Police: DNA not sent to lab in Cornell death
The sudden death of Soundgarden singer Chris Cornell on May 18, just an hour after his final show in Detroit, spawned questions nearly as quickly.
Here’s a look at some of the questions raised and how they’re answered by the Detroit police investigator on the case and a medical expert.
Q.: If there was no struggle, why was Cornell’s shirt torn, as stated in the reports?
A.: “It was torn by the medical people as they tried to save his life,” said Detroit Police investigator Charles Weaver, who investigated and compiled the report on Cornell’s death.
Q.: Why did the medic say there were “signs of strangulation” as heard on the police scanner?
A.: In medicine, the term strangulation isn’t referring to a homicidal act, said pathologist Cyril Wecht, former medical examiner of Allegheny County, Penn., and chairman of the American Board of Legal Medicine board of trustees.
It denotes a medical condition in which blood flow to part of the body is cut off, he said.
“You can strangle yourself,” he said. “When people hear ‘strangulation,’ they automatically think it’s a homicide, but that’s not necessarily the case.”
Q.: Why would Cornell ask to have his Apple TV fixed, as stated in police reports, if he was about to kill himself less than an hour later?
A.: “We never know what a person is thinking during a suicide,” Weaver said. “Unless there’s a note, sometimes there are no answers.”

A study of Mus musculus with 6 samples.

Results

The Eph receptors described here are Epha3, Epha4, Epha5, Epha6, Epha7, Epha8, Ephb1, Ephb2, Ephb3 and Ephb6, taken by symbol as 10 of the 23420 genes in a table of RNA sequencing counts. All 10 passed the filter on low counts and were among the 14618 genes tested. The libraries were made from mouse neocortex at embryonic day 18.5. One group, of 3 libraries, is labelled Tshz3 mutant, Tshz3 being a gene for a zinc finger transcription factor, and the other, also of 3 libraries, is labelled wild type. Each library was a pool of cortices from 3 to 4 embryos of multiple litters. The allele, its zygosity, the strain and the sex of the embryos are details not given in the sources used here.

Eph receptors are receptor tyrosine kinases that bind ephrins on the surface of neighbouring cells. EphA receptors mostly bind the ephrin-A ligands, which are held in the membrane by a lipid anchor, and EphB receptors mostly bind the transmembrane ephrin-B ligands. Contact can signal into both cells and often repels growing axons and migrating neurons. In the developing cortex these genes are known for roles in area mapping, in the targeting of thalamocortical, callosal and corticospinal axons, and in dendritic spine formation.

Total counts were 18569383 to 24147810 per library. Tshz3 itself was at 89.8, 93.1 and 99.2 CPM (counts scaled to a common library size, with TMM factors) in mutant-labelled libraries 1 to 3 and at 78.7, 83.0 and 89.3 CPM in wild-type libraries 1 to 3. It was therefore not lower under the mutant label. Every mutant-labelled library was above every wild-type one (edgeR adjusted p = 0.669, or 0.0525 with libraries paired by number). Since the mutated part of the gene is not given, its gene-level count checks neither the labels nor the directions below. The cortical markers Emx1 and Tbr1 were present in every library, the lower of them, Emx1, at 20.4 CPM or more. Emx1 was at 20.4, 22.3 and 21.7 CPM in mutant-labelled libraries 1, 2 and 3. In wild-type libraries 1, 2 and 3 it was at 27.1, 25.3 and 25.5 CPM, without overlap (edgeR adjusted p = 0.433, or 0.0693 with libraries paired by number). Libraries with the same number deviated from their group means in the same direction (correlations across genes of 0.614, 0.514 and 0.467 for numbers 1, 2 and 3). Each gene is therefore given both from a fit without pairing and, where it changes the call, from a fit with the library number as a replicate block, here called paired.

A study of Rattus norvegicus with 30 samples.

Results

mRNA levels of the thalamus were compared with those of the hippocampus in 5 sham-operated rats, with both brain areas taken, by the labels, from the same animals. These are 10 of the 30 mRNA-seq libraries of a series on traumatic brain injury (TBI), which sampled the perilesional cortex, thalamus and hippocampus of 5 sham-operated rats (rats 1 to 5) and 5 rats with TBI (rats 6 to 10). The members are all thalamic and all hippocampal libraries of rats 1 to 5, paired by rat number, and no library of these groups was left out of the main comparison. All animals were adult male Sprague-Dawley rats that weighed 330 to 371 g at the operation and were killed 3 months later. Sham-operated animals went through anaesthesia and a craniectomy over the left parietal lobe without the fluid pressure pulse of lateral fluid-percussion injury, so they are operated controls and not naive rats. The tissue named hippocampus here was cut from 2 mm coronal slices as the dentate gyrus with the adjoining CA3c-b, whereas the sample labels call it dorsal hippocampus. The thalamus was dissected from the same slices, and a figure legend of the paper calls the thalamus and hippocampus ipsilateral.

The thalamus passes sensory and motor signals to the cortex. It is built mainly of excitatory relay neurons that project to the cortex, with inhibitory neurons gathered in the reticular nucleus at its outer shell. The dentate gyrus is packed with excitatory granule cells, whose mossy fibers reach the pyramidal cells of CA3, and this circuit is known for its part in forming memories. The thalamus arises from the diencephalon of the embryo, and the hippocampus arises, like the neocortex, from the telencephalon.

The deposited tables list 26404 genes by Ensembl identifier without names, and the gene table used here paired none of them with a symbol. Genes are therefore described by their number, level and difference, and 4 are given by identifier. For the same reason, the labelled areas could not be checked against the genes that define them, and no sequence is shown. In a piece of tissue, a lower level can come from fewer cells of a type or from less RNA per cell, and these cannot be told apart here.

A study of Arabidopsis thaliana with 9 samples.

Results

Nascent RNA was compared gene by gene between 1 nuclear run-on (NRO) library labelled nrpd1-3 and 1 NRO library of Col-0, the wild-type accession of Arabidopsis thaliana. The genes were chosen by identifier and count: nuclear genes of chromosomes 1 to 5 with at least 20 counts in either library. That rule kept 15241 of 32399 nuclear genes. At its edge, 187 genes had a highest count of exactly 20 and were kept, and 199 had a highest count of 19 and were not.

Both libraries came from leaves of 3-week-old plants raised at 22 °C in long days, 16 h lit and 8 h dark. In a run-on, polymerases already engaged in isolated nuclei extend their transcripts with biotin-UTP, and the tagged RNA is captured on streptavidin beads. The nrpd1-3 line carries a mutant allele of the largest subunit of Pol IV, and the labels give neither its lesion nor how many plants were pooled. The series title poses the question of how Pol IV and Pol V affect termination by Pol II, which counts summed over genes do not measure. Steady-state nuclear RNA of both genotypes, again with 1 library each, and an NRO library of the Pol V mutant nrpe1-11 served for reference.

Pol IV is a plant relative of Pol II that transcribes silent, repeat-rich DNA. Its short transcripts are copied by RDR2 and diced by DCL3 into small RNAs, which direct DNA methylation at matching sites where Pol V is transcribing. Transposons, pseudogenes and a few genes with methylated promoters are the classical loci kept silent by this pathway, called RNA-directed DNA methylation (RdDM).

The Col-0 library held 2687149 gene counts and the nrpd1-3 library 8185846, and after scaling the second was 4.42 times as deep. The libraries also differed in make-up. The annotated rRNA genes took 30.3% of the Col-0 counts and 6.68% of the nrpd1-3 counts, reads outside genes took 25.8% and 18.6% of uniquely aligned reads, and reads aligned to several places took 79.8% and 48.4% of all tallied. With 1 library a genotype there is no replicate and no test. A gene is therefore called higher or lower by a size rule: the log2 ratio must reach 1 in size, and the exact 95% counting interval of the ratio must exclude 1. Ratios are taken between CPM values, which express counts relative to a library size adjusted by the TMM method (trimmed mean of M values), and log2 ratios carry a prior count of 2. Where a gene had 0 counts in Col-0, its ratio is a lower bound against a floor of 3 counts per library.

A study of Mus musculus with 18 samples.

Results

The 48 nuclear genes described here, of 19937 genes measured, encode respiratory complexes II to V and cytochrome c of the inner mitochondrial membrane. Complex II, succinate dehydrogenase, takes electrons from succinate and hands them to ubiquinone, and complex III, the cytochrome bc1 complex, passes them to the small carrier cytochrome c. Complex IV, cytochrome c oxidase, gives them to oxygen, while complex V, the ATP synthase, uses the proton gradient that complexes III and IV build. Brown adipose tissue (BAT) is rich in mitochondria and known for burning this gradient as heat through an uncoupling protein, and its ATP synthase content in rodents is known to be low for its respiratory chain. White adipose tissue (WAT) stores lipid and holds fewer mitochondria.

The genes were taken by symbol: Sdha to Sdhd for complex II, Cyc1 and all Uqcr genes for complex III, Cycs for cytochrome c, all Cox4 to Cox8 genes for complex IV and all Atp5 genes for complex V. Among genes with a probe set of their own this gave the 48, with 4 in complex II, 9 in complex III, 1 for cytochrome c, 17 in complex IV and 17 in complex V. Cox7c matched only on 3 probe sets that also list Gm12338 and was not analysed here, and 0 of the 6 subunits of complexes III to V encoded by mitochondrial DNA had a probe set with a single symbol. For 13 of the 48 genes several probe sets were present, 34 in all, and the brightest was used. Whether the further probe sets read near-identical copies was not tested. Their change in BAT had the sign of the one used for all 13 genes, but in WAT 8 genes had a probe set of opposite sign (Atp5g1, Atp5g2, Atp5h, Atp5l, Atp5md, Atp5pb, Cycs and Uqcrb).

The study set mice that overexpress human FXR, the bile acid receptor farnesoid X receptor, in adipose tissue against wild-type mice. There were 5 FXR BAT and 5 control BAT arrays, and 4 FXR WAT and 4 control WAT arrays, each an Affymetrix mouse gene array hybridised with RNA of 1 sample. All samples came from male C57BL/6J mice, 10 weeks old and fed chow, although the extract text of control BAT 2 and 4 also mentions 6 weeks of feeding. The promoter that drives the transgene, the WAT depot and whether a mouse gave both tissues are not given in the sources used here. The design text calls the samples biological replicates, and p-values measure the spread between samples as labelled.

Q.: Why swab the bodyguard’s hands for DNA? And was the DNA submitted to the Michigan State Police Laboratory for testing?
A.: Weaver said it’s standard to check witnesses for signs of struggle. “We do that as a precaution,” he said.
The sample was not submitted to a lab for analysis. Once the death was ruled a suicide, there was no reason to submit the DNA for testing to the state police crime lab, which has a backlog of samples awaiting analysis, Weaver said.
Q.: Why did Weaver list the 6-foot-2 Cornell as being 5-foot-10?
A.: “I don’t actually measure the bodies; that’s for the medical examiner to do,” Weaver said. “It’s just an estimate.”
Q.: Why was there so much blood splattered near the body?
A.: “In a hanging, the body continues to function, and the heart continues pumping blood,” Wecht said. “Blood vessels become engorged, and they burst. Some blood comes out from the airway, on up through the windpipe, into the mouth, and blood can come out your nose.
“Have you ever had someone tell a joke and you spit your drink all over? Well, that’s what often happens with hangings, and when it does you’ll get blood splatters.”
Q.: How could Cornell have been getting help with his TV about 11:35 p.m. May 17, as stated in the police report, if he was outside the Fox Theatre with fans at 11:25 p.m., as some have claimed?
A.: Although several fans have said he signed autographs after the Soundgarden show, no evidence has surfaced that places him outside the theater at 11:25 p.m.-11:30 p.m. Officials with Olympia Entertainment, which owns the Fox, declined to comment.